A leading bishop from northeast India says violence and intimidation by some Protestant groups there are preventing thousands of people from converting to Catholicism.
Bishop of Kohima Jose Mukala told the Catholic pastoral charity Aid to the Church in Need (ACN) that there has been an upsurge in attacks and propaganda against the Catholic Church in Kohima, a mainly Protestant region.
There have been thinly-veiled threats on his life, church buildings have been destroyed, and a ban on conversions has been imposed by some village elders.
While visiting ACN’s international headquarters in Germany, Bishop Mukala spoke out against some Baptist and Evangelical church groups in the region, charging that people are being denied freedom of religion.
"There is a big increase in the number of people in the diocese wanting to become Catholic but there is very strong opposition among some of the local Protestant leaders," the bishop told ACN. "These issues have got a lot worse recently… If this opposition stopped, there would be a flood of conversions to Catholicism."
He reported that some Evangelicals in local self-governing churches and a number of Baptists in Kohima were alarmed at the growth of Catholicism.
Catholicism arrived in the region as late as 1951, when the first Catholics were baptized. There are now 58,000 among the region’s 1.9 million people, most of whom are Evangelical Christians.
Describing a visit to Catholic families in a small village of the diocese, Bishop Mukala said he was suddenly called to a parish meeting where the elder warned of "something happening to him" if he returned.
"When he told me this, I replied that if something did happen to me, it would be the elder’s responsibility. So far, nothing has happened," the bishop told ACN.
In another village Christian fundamentalists are accused of destroying a Catholic church which could only be rebuilt under police protection.
The threat of further violence has forced the bishop to begin lawsuits against individuals accused of attacks on the Church.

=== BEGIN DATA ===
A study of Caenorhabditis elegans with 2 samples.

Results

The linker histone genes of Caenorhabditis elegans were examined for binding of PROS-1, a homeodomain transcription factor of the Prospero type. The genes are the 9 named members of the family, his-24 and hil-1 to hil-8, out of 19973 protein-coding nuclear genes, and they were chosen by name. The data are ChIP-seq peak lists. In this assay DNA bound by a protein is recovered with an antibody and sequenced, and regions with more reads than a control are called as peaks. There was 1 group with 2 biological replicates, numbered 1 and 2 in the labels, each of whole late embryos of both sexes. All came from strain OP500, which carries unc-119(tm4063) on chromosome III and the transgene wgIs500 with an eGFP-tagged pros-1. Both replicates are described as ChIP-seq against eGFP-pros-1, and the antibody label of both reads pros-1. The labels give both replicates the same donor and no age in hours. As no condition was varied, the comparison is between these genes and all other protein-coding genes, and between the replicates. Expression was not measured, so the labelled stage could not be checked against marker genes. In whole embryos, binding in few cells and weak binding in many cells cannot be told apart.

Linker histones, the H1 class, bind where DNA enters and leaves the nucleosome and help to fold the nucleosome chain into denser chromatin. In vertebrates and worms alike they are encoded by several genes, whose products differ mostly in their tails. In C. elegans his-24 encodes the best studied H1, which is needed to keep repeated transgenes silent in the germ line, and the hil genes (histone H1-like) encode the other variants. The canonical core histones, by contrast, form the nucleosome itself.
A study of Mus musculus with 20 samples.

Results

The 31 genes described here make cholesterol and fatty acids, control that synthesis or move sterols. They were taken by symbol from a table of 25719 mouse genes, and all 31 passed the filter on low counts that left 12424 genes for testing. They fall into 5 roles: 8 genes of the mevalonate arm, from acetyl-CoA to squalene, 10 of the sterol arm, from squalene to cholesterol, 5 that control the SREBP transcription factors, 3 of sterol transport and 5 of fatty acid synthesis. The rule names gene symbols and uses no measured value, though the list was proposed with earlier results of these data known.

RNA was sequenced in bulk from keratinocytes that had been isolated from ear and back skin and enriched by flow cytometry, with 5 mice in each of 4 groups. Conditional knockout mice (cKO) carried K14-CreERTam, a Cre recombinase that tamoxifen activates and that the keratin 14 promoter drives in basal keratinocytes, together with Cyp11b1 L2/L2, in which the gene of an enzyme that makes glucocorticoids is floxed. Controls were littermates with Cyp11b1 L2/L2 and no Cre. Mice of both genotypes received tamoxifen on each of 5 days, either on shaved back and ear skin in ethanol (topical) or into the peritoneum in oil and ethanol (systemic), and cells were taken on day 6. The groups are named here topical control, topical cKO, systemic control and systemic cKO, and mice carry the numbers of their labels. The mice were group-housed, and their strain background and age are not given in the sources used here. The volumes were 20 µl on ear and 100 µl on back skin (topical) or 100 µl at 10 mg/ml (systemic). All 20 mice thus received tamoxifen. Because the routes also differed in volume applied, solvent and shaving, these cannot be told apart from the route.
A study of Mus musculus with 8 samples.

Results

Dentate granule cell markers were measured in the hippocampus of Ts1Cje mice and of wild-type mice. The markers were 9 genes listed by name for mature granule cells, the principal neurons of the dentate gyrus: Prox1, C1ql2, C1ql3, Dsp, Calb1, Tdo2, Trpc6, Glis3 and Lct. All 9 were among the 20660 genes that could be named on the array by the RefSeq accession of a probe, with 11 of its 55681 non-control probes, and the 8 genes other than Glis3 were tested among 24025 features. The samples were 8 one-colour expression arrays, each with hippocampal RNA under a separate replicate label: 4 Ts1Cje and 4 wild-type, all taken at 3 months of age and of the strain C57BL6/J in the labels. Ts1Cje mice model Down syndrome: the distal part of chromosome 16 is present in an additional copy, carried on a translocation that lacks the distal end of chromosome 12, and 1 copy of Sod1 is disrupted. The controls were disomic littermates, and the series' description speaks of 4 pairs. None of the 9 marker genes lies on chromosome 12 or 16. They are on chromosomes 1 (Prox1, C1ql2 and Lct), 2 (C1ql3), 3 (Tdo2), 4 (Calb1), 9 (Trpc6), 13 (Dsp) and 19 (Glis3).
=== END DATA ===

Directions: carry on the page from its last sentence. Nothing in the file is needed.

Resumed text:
Bishop Mukala said that religious leaders are not to blame for the anti-Catholic activity, but rather local fanatics and village leaders in specific villages.
"They say there should be one state, one tribe and one religion. We are trying to convince them that they must allow people to be free."
He said that Catholicism was growing in the area in part because diocesan schools have a better reputation than government alternatives. Sixteen of the 20 top-performing schools in the region are Catholic, while the diocese’s 150 Catholic schools serve more than 30,000 students.
The bishop credited the religious sisters running the schools.
"Discipline is good and the management of the school is effective. The Catholic Church has placed an emphasis on integrity and hard work and that attracts people… There is also a genuine desire among people wanting to become Catholic. People want to know what we believe and why."
Bishop Mukala also thanked ACN for its support and encouraged prayers for the charity.
The charity has helped with 37 projects in the diocese over the past decade, including aid for poor and persecuted priests, building new churches and presbyteries, and providing motorcycles and other transport for clergy in remote areas.
ACN is also printing and distributing catechetical programs the ACN Child’s Bible in the local languages of Lotha and Angami.